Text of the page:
Posted by Paul Drury
15. Sep, 2014
If eyes are the windows to the soul, I Origins is a window into the mind of filmmaker Mike Cahill.
This moody sci-fi/existential drama is the third feature as director from Cahill, who started getting noticed with 2011’s equally moody Another Earth. In that film Brit Marling pondered the possibilities of a duplicate earth. This time, Cahill’s back (with Marling in toe) forensically and spiritually examining the role of eyes and souls.
I Origins begins with Ian (Michael Pitt) a geeky/hunky science grad who has a thing for photographing eyes. He runs into the mysterious, masked Sofi (Astrid Berges-Frisbey) and after taking a pic of her peeps the two move to the bathroom. However Sofi abandons Ian mid-act and he spends the next few weeks trying to track her down via billboards and series of unexpected events.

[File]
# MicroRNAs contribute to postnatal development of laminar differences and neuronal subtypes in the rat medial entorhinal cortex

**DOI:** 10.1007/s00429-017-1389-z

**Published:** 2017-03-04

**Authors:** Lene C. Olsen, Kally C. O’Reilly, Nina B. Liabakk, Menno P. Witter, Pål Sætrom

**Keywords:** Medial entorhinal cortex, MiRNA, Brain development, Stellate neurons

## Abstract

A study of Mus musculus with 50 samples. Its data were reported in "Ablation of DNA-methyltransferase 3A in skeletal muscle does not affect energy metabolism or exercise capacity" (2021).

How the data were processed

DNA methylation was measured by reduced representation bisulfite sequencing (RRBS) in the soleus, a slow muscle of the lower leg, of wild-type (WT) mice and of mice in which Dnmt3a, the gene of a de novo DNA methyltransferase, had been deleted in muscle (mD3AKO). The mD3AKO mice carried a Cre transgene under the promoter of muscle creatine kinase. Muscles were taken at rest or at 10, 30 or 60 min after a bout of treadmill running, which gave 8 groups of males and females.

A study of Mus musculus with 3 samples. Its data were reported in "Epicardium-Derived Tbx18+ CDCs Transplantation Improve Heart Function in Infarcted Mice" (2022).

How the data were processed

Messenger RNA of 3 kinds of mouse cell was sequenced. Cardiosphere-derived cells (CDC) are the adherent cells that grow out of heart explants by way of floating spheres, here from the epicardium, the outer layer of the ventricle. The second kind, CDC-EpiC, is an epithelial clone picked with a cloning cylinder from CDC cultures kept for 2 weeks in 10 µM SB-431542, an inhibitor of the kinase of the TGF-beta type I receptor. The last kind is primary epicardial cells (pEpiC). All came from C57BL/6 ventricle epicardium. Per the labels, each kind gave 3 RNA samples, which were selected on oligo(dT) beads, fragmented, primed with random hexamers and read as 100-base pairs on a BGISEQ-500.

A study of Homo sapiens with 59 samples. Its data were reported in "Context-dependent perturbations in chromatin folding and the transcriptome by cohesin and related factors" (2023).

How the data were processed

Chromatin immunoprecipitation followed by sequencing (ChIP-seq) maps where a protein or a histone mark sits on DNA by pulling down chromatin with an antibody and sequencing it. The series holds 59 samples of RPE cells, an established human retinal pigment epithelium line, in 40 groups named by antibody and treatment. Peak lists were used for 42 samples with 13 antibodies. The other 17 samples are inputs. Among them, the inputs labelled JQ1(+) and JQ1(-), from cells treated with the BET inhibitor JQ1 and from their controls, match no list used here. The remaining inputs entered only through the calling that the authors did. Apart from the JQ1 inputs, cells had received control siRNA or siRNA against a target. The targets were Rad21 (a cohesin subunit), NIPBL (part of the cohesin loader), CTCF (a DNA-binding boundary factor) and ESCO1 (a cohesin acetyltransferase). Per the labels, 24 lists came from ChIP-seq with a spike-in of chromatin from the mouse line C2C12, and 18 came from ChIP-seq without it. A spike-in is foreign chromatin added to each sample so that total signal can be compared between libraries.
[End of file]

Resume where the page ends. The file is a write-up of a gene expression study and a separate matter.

At the same time Ian is assigned a new assistant, the geeky/cute Karen (Brit Marling) and the two embark on an ambitious quest to see if they can find an animal without eyes that will prove God doesn’t exist. Got it?
In the meantime Ian and Sofi reconnect and fall madly in love, while having conversations about faith, the afterlife and whether statues have eyes. Unable to resolve this issue the pair decide to get hitched but have to wait for the paperwork.
So they drop by the lab where Karen reveals she’s discovered an eyeless worm she’ll be able to grant vision to, thus proving God doesn’t exist. This upsets Sofi and she and Ian have a fight.
A traumatic incident causes Ian to rethink his faith and question the limitations of his research. Here Cahill employs shades of Terrence Malick with some lovely cinematography and good looking people talking about serious matters, but here the similarities end.
While the premise of I Origins is an intriguing one, the execution is handled a little clumsily. Sofi, as the voice of creative reason, begins to grate over time, while Karen and Ian’s coldness keeps them aloof from the audience. There are big questions at stake here, but Cahill’s third feature doesn’t have the depth the meaningfully answer them.
But perhaps that’s the point. Still worth a peep.